How to implement a spec

A dev plan is not a spec. Most proposals and quotes that clients sign-off on are specs, but they should be signing off on dev plans.

The difference is small but crucial: a spec is a list of features or things that will be done; a dev plan is the means by which those features will be created.

The reason this matters is subtle. It’s relatively easy to enumerate all the features of a system. For example there might be a login page, and a dashboard page, and a report page. So three things, simple right? But imagine those features take a 1 week each, what does the client see after week one? i.e. after logging in, what does the client see?

The spec doesn’t tell you the answer and so usually the developer will make their own mind up. This typically means the system will be unstable until all three features are implemented, which isn’t desirable. It means you can’t use the system because you don’t know what will work, and so you can’t give your feedback.

But a dev plan describes the process to achieve the result, at every step of the way. So the last issue in sprint1 might say “you see a blank page after logging in”.


This might sound like a trivial distinction, and this example is intentionally simple, but having a sequence of clear steps with definable starts and ends means issues can be made clearly distinct and easily signed off. And it prevents developers rambling on through a heap of features without ever getting to the end.

At a practical level, the way we ensure that the issues we create are a dev plan and not a spec is for every issue to have one or more testables. A testable is just a list of steps that are part of the issue that describe the output, so an example might be:

  1. login as admin
  2. select reports from the main menu
  3. confirm you see a pie chart with 4 slices
  4. the rest of the screen is blank for this issue

There are a few things to note about this example:

  • Each line is human-readable, so a non-technical user can follow it.
  • Each line is simple and to the point (we have a rule that no more than 7 long words are allowed per line).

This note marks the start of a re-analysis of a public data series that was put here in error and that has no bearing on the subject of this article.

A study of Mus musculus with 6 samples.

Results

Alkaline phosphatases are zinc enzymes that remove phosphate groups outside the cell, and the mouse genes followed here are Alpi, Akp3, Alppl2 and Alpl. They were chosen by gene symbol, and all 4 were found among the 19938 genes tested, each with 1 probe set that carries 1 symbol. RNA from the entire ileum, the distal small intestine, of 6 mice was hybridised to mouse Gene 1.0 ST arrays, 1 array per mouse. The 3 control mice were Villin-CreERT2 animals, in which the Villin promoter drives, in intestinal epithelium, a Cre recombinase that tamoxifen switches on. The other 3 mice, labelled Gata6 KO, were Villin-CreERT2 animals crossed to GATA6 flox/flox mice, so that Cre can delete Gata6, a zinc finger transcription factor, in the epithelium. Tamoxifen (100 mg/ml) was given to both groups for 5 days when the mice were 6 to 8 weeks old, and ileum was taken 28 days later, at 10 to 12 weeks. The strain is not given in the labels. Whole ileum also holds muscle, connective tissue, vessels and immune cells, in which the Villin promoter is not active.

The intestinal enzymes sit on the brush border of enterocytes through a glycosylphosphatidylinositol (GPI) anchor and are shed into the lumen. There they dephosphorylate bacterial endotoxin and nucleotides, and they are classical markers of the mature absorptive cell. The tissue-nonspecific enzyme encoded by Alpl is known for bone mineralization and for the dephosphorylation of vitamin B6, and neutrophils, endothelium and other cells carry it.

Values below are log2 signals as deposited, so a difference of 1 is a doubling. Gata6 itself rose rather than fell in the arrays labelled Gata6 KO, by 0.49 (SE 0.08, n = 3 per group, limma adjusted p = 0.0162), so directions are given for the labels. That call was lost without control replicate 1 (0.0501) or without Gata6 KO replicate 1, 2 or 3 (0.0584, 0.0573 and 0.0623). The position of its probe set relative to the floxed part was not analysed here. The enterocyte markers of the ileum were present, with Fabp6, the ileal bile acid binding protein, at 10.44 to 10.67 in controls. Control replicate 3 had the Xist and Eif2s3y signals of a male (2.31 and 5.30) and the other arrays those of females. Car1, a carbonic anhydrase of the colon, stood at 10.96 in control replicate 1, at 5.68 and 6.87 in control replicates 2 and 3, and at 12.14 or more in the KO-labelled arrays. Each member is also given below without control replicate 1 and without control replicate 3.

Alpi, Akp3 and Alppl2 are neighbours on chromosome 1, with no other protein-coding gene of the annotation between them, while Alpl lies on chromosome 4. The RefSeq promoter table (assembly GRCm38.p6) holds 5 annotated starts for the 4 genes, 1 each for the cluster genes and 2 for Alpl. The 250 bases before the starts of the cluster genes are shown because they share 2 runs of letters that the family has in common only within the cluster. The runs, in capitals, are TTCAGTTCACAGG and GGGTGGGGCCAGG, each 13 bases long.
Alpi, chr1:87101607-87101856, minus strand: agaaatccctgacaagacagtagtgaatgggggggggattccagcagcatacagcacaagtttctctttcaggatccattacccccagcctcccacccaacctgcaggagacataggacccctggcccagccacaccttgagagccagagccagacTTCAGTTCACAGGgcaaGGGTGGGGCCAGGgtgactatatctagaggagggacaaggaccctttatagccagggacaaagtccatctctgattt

• And each line assumes the reader (either the developer, the tester or the client) is familiar with the system.

That last assumption is important. We don’t describe the full steps to login, including entering a valid password etc etc. Those steps would have been implemented and tested in an earlier issue and the team is familiar with them, so we can simply say ‘login as admin’.

Properly done, testables can be shorter than a description and more helpful. In fact, since we’re trying to avoid adding admin and not add a new headache to the spec process, we frequently skip the description altogether and just write the testables. In our experience this has never harmed the intelligibility of the issue.


We do find developers new to our process struggle with what seems to them like a pedantic approach to issue definitions. Frequently for those developers we see them creating issues with a paragraph of description and a testable like “1. confirm it worked”. This is not helpful. And it really can be hard to switch the mind towards thinking of the practical definitive solution to the problem rather than a broad ‘I kinda know what to do here’. But with a bit of practice at getting the level of simple yet precise wording right, the effort is equivalent to writing a description and the gains are worth it.

And needless to say estimating such an issue is significantly easier. For example the developer doesn’t have to imagine how much error checking is applicable to the issue, it’s either in the testable or it’s not.

The result of a dev plan with a testable like this on every issue is that the dev plan looks and feels more solid, the costing is more reliable, and it’s easier to say if any given aspect of the original requirements is accounted for.

No more wondering if the developer knew that the forgot password link had to send an email or not.